Flying foxes (genus Pteropus, sub-order Megachiroptera) are the natural hosts of several recently emerged zoonotic viruses of animal and public health significance, including the novel paramyxoviruses Hendra virus in Australia and Nipah virus in South-East Asia. The extent of contact between Australian flying fox populations and those to the north of Australia is unknown, although anecdotal reports suggest seasonal movements from New Guinea to the islands of the Torres Strait to Cape York. Also unknown is the southern geographic limit of Nipah virus in flying foxes, and whether this limit is stable or changing.
The specific objectives of the study are to:
1. Investigate the extent and nature of contact between flying fox populations in northern Australia and pre-border populations using molecular, genetic and satellite telemetry techniques.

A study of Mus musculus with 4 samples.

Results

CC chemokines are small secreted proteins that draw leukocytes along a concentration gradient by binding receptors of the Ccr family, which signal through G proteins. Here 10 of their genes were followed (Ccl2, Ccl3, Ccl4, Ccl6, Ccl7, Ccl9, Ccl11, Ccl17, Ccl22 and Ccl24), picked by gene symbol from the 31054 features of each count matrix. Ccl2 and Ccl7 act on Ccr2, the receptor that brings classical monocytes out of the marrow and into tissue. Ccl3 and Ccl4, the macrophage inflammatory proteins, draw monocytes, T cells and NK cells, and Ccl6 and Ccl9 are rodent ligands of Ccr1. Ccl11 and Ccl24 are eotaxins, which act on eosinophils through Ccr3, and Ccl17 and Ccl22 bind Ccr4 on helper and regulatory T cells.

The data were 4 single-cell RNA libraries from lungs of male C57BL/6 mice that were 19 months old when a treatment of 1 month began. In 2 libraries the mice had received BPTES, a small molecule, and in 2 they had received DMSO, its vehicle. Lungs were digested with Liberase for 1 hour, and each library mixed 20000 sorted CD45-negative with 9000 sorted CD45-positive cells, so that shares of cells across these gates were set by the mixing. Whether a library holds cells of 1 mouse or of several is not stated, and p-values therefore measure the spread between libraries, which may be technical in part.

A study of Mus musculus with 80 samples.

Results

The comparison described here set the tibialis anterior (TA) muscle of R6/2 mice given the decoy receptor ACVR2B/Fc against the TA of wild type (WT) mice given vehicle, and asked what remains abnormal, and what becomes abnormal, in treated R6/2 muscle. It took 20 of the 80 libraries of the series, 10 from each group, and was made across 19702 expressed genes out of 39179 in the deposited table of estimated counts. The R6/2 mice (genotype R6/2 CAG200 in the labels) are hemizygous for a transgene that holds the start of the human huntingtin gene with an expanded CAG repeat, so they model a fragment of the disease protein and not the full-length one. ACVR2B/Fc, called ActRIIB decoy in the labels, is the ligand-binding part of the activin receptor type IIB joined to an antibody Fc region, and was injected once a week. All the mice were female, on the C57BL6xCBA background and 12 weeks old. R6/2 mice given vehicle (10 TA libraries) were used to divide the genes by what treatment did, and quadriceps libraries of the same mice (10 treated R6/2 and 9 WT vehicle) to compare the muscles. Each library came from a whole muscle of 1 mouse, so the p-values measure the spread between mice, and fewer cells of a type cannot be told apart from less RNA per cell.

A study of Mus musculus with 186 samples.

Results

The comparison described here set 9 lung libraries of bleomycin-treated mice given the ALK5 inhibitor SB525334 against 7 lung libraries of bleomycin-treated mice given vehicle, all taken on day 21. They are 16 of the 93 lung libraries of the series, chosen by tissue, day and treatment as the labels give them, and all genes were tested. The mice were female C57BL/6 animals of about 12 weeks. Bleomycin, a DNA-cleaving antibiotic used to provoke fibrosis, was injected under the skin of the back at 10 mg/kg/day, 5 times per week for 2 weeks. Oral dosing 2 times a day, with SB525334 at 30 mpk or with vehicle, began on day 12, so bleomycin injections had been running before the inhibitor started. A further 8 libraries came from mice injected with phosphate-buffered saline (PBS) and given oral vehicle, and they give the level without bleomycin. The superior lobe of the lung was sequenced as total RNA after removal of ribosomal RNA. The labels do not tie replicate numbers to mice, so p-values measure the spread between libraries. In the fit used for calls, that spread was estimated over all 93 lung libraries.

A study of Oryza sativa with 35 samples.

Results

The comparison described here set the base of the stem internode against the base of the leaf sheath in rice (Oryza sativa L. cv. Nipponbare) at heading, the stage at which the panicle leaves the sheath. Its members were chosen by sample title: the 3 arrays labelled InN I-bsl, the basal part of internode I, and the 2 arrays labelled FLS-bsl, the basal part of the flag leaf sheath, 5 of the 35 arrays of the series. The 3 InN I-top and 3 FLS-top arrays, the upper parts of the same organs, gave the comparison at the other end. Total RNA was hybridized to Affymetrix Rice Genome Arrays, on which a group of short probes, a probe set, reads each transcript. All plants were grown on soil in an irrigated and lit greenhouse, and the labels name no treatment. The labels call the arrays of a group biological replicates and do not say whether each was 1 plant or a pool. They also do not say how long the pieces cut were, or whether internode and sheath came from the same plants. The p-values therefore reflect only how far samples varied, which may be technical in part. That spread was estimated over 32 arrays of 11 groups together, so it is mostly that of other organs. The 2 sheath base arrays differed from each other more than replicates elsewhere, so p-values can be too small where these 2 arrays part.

2. Describe the occurrence of henipaviruses in targeted northern Australian flying fox populations and pre-border flying fox populations.
Objective 1 will be met by population genetic studies involving mitochondrial DNA and microsatellite DNA techniques and satellite telemetry studies using a geographic information system (GIS) platform.
Objective 2 will be achieved by a series of cross-sectional surveys of flying fox populations in Australian, New Guinea and East Timor that will support seroepidemiologic, virologic, and genetic investigations. Pre-border, these surveys will require a high level of cooperation with the Northern Australian Quarantine Strategy (NAQS), as it is proposed that the flying fox surveys will be (where possible) an extension of regular NAQS pre-border domestic animal surveillance.